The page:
Sacred Citadel Review
Could easily do with more dwarves and oomph.
With the advent of digital distribution and competitive pricing, its good to see publisher and developers continuing to bring older, as well as newer side-scrolling brawlers. Take original efforts like Castle Crashers, Scott Pilgrim, and Double Dragon Neon as good examples.
To be skeptical of a like-minded spin-off with the Sacred series, a series known to be more in line with hack-and-slash action RPGs such as Diablo, wouldn’t exactly set off my alarms. On the contrary, I’m all open arms! As history as shown, games like Golden Axe and Guardian Heroes prove that fantasy-themes and beat ’em ups can make a lovely combo (no pun intended).
Sacred Citadel on the surface seems tantalizing enough. It’s mixing of role-playing elements and character classes, along with a colorful presentation go a long way to stir past memories. Although you will be able to choose from four classes (Warrior, Mage, Shaman and Ranger), the game limits you to three player local and online co-op. Not a huge letdown going in, but the obvious question to this being: Why not four players at a time if you already have four classes to choose from? I can’t say for certain.
On further inspection, you’ll notice some differences between each character. Some of them are naturally stronger than others (Warrior), others can be more speedy (Shaman) or have projectile attacks over the other (Ranger). Each character is able to dual-wield weapons or equip stat-boosting items that you can pick up from battles or while visiting shops, with everyone sharing a fairly similar move set. In fact, maybe too similar.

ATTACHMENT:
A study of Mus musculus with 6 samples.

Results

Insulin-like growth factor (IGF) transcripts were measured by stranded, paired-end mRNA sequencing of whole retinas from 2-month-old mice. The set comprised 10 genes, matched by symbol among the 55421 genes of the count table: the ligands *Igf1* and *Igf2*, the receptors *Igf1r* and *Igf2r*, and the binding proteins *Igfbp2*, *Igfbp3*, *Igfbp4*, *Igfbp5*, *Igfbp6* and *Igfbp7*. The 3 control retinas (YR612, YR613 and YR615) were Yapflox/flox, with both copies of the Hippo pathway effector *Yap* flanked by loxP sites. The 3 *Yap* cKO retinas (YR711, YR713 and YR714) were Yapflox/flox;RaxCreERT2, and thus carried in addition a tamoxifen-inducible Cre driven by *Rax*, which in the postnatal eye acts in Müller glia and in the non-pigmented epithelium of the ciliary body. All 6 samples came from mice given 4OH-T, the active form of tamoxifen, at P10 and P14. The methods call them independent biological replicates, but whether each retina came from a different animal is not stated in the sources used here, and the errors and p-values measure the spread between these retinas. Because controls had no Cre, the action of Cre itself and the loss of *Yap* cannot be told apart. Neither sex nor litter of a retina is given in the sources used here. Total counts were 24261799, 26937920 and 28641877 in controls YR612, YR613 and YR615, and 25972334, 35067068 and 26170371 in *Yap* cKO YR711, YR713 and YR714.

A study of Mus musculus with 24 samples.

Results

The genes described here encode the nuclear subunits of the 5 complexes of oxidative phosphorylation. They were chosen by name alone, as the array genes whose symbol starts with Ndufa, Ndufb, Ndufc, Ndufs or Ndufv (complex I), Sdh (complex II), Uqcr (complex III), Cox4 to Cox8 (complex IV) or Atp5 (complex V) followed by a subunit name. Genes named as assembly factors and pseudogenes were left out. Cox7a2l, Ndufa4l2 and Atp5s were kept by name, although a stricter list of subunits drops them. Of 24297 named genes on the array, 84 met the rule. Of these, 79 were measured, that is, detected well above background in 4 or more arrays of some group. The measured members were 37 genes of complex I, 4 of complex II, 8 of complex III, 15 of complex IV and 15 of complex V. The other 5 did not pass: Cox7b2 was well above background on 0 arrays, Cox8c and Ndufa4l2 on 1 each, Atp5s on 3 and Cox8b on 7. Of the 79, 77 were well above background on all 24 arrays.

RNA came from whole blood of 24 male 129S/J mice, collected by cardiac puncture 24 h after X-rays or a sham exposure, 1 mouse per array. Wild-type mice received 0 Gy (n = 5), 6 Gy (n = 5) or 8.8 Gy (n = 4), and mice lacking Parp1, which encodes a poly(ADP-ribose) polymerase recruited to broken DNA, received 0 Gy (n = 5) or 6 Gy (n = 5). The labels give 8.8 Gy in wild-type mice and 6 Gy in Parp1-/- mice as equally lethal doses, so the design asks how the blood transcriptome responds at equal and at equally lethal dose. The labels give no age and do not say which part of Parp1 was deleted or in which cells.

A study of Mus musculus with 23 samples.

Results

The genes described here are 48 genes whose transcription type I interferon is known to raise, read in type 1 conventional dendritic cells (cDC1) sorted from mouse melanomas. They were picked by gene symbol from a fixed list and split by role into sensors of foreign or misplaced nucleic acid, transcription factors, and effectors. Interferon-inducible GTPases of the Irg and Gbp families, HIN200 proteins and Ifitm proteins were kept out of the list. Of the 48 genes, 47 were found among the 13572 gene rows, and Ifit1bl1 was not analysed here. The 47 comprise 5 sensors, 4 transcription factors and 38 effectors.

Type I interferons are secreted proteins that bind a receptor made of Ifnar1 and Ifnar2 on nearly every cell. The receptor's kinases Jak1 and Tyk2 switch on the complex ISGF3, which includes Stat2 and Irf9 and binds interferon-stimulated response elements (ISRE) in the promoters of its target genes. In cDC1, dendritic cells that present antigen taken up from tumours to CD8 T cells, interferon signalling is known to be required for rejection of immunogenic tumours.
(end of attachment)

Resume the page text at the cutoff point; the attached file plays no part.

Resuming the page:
Despite having to level up characters for more combos and fighting options, classes don’t feel different enough. You’ll be able to pull off class-specific special moves which can be further upgraded, but character play boils down to simple preference and doesn’t encourage all that much experimentation. It can be argued that not a lot 2D beat ’em ups really do this anyhow. But given the source material Citadel is based from, along with the idea of getting loot from fallen foes, I would’ve really liked seeing more done with this. Imagine a more fleshed skill-tree, for example.
That’s not to say combat itself can’t be engaging, although it definitely takes too much time to warm up to you. Once you get passed Act 1 (four in total to complete, along with an additional Act via the Jungle Hunt DLC) and level up your character, does Sacred Citadel start to open up. It’s all animated very pleasantly with some subtle details when moving from area to area. Some environmental hazards, like the swinging logs in Act 1, do nice to break up the monotony. Even riding on beasts is a nice nod to the aforementioned Golden Axe.
But encounters overall feel tiresome. There’s only so much variety Citadel has on offer, but rarely do bouts truly stand apart from the initial stages of grinding. No amount of cool air juggling can hide the fact that normal baddies can take quite a bit of damage while standing cluelessly, with only their sheer numbers giving any sense of challenge, save for the occasional mid-boss participating or an end boss.
The kind of crowd control you do in this begs to have another player to involved. I say this, because it doesn’t seem like the difficulty scales according to how many players are participating. And even, it doesn’t seem like drop-in/drop-out co-op is fully supported, which is pretty unfortunate.
This game was reviewed on the PC.
Vibrant and colorful graphics. Dual-wielding and loot system. Swinging logs!
Doesn't do enough to break itself apart from the rest. Initially feels too easy. Not the smartest of enemies. Classes aren't all that distinct. Replayability provides little incentive.
If there weren't already so many similar titles before its release, Sacred Citadel may seem a lot less redundant by comparison. It's focus on story does little to change conventions, and the asking price for jumping in yields a less-than-stellar payoff. If its a beat 'em up you're craving for, you could definitely do worse than Sacred Citadel. But you can most certainly do better as well.